American Idol has certainly come a long way from its humble beginnings as a summer replacement series in 2002. All things considered, it stepped into its role as a pop culture juggernaut with surprising grace. It’s now unstoppable and ubiquitous and has been for almost a decade. But now there’s one other thing it’s trying to be: venerable. Which it probably shouldn’t.
To understand what I mean by “venerable” in the context of network TV, consider another televised competition that consistently demands the country’s attention: the Olympics. The broadcasts of the event constantly remind us of the Games’ long and dignified history, which, it is implied, we are fortunate to be participating in at this very moment. Similarly, last week’s season premiere of American Idol kicked off with a montage of some of this season’s youngest hopefuls, who were only 6 years old when the show debuted. The message is clear: just as the Olympics have always been around for as long as we can remember, our young people are growing up in a world where, to them, there has always been an American Idol.
Watching the early audition rounds of this season of Idol is a similar experience. Before we even get to hear most of the contestants sing, we’re already forced to “get to know them.” American Idol is all about elevating one talented individual to the heights of fame and fortune. So to provide the greatest possible contrast, each contestant’s story must begin by visiting their current depths, whether socioeconomic (as with Amy Brumfield, who lives in a tent in the woods,) literal (as in the case of coal miner Shane Bruce) or merely comparative (like Jim Carrey’s daughter Jane). We’re expected to have our hearts tied up in their almost invariably sad stories before they even sing a note. And this will probably continue, as host Ryan Seacrest promised (or threatened, as the case may be) that much of this season will be told from the contestants’ point of view. In other words, expect more inspirational schmaltz, Olympics-style.
It’s one thing for the Olympics to play on its venerable history; after all; it’s not every day a network gets to air a regular event whose first incarnations took place millennia ago. But American Idol, as successful as it is, has yet to earn that distinction. And for a show aimed at young people who make up its giant audience and nearly-as-large talent pool, it’s something of a mistake to hearken back to antiquity by trying to act like an event whose cultural relevance is less than it once was (not to mention the new logo introduced last season, in which the I in Idol looks like a Greek column).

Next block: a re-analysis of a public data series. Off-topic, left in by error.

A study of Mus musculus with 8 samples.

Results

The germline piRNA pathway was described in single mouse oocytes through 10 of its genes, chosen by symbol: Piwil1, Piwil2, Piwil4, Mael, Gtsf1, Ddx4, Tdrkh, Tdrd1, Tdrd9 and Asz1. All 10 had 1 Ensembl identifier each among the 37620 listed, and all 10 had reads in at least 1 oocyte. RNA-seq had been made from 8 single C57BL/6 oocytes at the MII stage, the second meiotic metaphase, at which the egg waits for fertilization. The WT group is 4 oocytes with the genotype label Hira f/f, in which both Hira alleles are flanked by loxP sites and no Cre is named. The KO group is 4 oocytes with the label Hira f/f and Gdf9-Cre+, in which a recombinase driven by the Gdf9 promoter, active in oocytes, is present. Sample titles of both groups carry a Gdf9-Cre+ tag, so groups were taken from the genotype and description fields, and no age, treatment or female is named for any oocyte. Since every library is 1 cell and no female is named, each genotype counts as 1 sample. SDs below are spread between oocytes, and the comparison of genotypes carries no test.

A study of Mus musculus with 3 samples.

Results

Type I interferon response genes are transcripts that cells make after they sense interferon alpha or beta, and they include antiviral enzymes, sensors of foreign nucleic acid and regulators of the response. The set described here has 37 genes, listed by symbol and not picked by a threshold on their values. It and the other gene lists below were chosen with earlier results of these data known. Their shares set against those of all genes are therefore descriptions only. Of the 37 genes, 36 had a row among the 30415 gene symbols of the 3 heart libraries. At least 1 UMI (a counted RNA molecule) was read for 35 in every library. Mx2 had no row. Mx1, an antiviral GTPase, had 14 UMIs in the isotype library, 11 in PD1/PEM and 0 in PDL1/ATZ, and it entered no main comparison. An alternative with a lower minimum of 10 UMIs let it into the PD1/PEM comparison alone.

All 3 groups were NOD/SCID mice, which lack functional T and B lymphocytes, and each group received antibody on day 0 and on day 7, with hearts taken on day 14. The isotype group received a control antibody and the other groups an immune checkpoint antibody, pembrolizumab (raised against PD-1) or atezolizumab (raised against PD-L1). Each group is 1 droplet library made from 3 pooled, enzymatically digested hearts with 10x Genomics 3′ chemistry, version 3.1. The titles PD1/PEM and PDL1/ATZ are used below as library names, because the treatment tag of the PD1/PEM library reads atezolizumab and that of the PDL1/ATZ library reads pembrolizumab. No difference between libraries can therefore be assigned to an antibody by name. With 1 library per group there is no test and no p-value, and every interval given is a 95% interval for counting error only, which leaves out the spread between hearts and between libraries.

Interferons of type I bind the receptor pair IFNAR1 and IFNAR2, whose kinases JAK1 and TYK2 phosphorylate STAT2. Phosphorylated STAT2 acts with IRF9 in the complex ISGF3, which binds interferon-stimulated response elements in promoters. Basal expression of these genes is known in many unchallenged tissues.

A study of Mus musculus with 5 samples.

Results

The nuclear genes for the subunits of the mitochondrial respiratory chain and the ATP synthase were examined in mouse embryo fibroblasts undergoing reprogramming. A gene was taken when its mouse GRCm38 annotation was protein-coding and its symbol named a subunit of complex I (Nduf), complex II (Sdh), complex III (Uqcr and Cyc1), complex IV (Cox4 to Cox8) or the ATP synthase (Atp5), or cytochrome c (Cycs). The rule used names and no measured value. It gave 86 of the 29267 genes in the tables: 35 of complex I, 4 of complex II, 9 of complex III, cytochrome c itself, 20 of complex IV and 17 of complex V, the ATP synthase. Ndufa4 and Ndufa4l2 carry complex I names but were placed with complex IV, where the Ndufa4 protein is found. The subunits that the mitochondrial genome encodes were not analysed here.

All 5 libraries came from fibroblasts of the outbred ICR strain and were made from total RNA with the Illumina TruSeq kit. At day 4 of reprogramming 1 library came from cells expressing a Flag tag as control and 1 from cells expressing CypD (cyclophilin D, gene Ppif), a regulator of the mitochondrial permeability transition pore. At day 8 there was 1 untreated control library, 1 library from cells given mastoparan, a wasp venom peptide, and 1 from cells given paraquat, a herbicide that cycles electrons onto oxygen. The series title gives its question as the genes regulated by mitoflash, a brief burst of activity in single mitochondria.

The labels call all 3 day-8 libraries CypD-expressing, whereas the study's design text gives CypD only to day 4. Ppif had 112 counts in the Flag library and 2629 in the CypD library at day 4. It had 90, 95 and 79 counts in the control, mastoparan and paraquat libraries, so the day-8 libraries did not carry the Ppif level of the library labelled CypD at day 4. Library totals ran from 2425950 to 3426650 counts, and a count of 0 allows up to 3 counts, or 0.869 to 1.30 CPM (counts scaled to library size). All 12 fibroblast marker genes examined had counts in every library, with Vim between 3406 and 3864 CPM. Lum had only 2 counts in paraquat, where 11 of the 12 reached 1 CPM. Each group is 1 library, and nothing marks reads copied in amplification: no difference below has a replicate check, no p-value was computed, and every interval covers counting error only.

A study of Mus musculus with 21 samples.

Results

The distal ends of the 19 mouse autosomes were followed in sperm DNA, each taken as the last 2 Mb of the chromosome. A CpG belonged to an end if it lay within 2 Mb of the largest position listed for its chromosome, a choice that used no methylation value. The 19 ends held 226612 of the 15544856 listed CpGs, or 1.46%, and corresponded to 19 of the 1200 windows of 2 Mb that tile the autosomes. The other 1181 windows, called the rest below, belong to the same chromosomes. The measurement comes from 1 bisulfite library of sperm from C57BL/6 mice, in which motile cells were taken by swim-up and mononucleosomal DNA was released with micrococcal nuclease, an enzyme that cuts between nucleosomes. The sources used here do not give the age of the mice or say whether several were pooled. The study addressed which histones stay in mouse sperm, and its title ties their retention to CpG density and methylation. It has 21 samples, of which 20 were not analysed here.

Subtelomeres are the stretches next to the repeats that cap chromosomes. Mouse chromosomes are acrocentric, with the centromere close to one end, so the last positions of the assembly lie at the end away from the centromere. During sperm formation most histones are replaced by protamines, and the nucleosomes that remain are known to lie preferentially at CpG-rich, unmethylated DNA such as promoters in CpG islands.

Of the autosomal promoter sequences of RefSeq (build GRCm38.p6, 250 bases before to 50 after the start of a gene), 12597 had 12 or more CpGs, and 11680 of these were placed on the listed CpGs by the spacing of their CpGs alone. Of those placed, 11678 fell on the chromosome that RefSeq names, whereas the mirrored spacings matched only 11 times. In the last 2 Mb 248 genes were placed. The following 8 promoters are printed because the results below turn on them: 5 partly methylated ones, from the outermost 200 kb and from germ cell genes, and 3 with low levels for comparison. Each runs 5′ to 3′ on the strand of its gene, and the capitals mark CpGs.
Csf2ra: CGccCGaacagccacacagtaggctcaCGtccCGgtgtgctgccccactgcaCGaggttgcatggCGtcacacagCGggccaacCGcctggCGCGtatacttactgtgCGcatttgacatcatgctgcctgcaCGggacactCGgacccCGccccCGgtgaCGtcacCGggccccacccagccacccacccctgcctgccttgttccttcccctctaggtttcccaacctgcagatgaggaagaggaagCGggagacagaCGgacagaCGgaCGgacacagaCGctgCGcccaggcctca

Instead, Idol should play to its strengths, which are the parts that people talk about: the unpredictable moments, but those are fewer and further between. Judge Steven Tyler and the show’s editors occasionally still throw in some juvenile antics, but the cavalcade of weirdoes that once characterized the early stages of previous seasons is largely absent from this season’s first few episodes; and thus from water coolers and Twitter feeds as well.
More importantly, pop music is about youth and energy, not history and self-congratulation. American Idol would do well to remember that. It’s easy to imagine it still being on the air in 10 years, but if it continues to try to come off as a cultural institution with roots in the distant past, it’s also easy to imagine today’s 6-year-olds referring to it in 10 years as “that show my parents watch.”